Snubbed Heirs Sue UBS Over Nazi-Looted Degas

They claim the bank set up a “sham” foundation.

Edgar Degas, Danseuses, 1896 Photo via: Christie's
Edgar Degas, Danseuses, 1896 Photo via: Christie's

Descendants of Jewish collectors Ludwig and Margret Kainer, whose fortune was sized by the Nazis during WWII, have started legal proceedings against executives at the Swiss bank UBS. According to the New York Times, the heirs claim that they neither received nor  were made aware of any assets subsequently recovered.

Most prominent among those recovered assets was Edgar Degas’s Danseuses (1896), which fetched $11 million at Christie’s in 2009. Their $1.8 million share of the proceeds from that sale, together with other funds including war reparations paid by the German government, were instead channeled into a foundation set up by one of the bank’s senior managers, officially meant to support the education of Jewish youths.

Margret Kainer and her father, Norbert Levy, had a long-standing relationship with the Swiss Bank Corporation, which merged with Union Bank of Switzerland in 1998 to form UBS. Not only did the bank manage their vast wealth, but it also oversaw a foundation set up by Levy for his daughter before his death.

When the Nazis came to power, Mrs. Kainer and her husband fled to France, and most of the family holdings were confiscated. But throughout the war, the foundation was safe in Switzerland. It provided the Kainers with 800 Swiss francs every month, until the funds ran out in 1944. The foundation was officially dissolved in 1968 upon Mrs. Kainer’s death.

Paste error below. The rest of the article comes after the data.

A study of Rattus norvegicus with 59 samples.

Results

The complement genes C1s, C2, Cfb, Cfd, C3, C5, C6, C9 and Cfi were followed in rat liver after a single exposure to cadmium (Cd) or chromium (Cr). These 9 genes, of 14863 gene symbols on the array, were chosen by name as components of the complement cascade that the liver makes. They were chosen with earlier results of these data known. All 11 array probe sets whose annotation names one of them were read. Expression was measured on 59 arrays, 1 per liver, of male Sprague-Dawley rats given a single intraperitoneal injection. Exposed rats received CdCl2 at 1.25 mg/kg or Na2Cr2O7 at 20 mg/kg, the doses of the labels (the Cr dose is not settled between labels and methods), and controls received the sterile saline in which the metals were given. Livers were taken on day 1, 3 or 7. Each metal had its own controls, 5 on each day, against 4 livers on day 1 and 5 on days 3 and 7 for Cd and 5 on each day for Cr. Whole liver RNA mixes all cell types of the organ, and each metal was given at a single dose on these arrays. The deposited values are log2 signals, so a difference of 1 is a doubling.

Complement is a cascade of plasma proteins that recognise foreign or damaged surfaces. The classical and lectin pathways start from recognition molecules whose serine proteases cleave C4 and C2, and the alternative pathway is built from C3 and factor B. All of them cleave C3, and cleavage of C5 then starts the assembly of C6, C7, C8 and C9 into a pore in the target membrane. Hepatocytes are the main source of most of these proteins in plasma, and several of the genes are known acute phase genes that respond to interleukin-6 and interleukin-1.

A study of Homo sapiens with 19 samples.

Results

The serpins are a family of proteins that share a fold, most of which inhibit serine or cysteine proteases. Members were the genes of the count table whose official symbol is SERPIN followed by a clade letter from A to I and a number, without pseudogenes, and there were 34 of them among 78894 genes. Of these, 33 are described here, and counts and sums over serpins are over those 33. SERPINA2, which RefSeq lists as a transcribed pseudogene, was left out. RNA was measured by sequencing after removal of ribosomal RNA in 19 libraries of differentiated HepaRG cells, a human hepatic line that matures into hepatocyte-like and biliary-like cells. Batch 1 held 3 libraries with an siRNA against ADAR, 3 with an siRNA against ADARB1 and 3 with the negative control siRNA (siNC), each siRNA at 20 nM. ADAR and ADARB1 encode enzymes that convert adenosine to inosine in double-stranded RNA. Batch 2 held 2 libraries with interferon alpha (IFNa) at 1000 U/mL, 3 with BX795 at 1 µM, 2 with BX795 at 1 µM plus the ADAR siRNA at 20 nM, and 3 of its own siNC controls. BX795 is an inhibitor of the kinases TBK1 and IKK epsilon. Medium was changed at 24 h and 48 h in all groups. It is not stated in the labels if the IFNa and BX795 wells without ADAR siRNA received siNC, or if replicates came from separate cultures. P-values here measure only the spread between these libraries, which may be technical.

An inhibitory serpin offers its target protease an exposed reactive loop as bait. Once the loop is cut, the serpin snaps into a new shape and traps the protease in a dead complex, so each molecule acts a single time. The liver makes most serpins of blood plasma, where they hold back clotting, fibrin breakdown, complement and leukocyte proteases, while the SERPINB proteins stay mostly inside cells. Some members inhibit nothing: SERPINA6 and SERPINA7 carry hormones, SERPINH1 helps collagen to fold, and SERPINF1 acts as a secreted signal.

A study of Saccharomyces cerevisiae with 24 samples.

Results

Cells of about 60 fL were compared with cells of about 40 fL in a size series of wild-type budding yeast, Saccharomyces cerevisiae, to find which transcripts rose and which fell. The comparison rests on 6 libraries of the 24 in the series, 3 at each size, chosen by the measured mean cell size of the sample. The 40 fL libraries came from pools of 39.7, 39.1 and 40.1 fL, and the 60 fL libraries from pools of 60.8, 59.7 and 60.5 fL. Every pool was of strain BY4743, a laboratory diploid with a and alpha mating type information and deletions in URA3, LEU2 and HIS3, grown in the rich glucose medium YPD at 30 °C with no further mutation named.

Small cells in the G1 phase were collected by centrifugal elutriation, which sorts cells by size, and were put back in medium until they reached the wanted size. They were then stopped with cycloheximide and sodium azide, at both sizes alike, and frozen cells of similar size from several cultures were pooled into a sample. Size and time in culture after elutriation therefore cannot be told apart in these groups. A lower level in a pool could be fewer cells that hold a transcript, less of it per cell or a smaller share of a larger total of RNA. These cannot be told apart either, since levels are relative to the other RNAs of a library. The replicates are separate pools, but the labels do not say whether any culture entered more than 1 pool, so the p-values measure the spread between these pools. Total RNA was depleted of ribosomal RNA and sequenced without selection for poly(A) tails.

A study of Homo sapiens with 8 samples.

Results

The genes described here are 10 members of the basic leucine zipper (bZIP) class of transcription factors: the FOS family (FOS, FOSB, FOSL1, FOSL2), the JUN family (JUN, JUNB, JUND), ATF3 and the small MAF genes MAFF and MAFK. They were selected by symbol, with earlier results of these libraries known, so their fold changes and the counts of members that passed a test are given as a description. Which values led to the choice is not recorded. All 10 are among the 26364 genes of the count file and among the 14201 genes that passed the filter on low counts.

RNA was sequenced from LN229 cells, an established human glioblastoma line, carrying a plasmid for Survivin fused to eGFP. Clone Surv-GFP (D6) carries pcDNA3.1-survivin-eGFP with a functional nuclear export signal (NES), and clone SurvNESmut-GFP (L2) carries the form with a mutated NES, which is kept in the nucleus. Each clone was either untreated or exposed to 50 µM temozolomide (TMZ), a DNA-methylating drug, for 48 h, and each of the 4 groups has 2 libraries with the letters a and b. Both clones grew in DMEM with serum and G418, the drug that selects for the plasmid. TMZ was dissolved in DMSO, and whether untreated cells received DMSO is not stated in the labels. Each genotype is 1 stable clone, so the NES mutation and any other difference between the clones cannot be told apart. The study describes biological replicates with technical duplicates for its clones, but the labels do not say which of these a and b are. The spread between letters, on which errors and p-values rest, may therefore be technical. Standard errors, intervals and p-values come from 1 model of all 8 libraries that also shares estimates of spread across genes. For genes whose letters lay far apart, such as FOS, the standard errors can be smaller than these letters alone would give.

The Kainer’s Heirs

The Kainers died childless. Their most direct descendants are the 12 children and grandchildren of Mrs. Kainer’s cousins. That group of heirs are now claiming that little effort was made to track them down after the couple died.

In 1970, the West German government agreed to pay a lump sum to the family. But as the heirs were “unknown,” Swiss Bank Corporation director Dr. Albert Genner suggested bringing the foundation back to receive the payout. Since then, many assets have be recovered: an estimated $11 million was collected by the foundation in total, some of which came from the sale of artworks from the Kainers’ collection, including the Degas.

Meanwhile, very little is known of the foundation’s philanthropic activities. James Palmer, the president of Mondex Corporation, which specializes in provenance research and recovery, told the Times he hadn’t “found any evidence that they’ve given any significant [amount of] money to anybody.” But the foundation’s board members don’t appear to have received anything from it either, barring refunds for minor expenses claims.

When contacted by the Times, UBS claimed that the bank was only a “bystander” in the case and declined to elaborate further.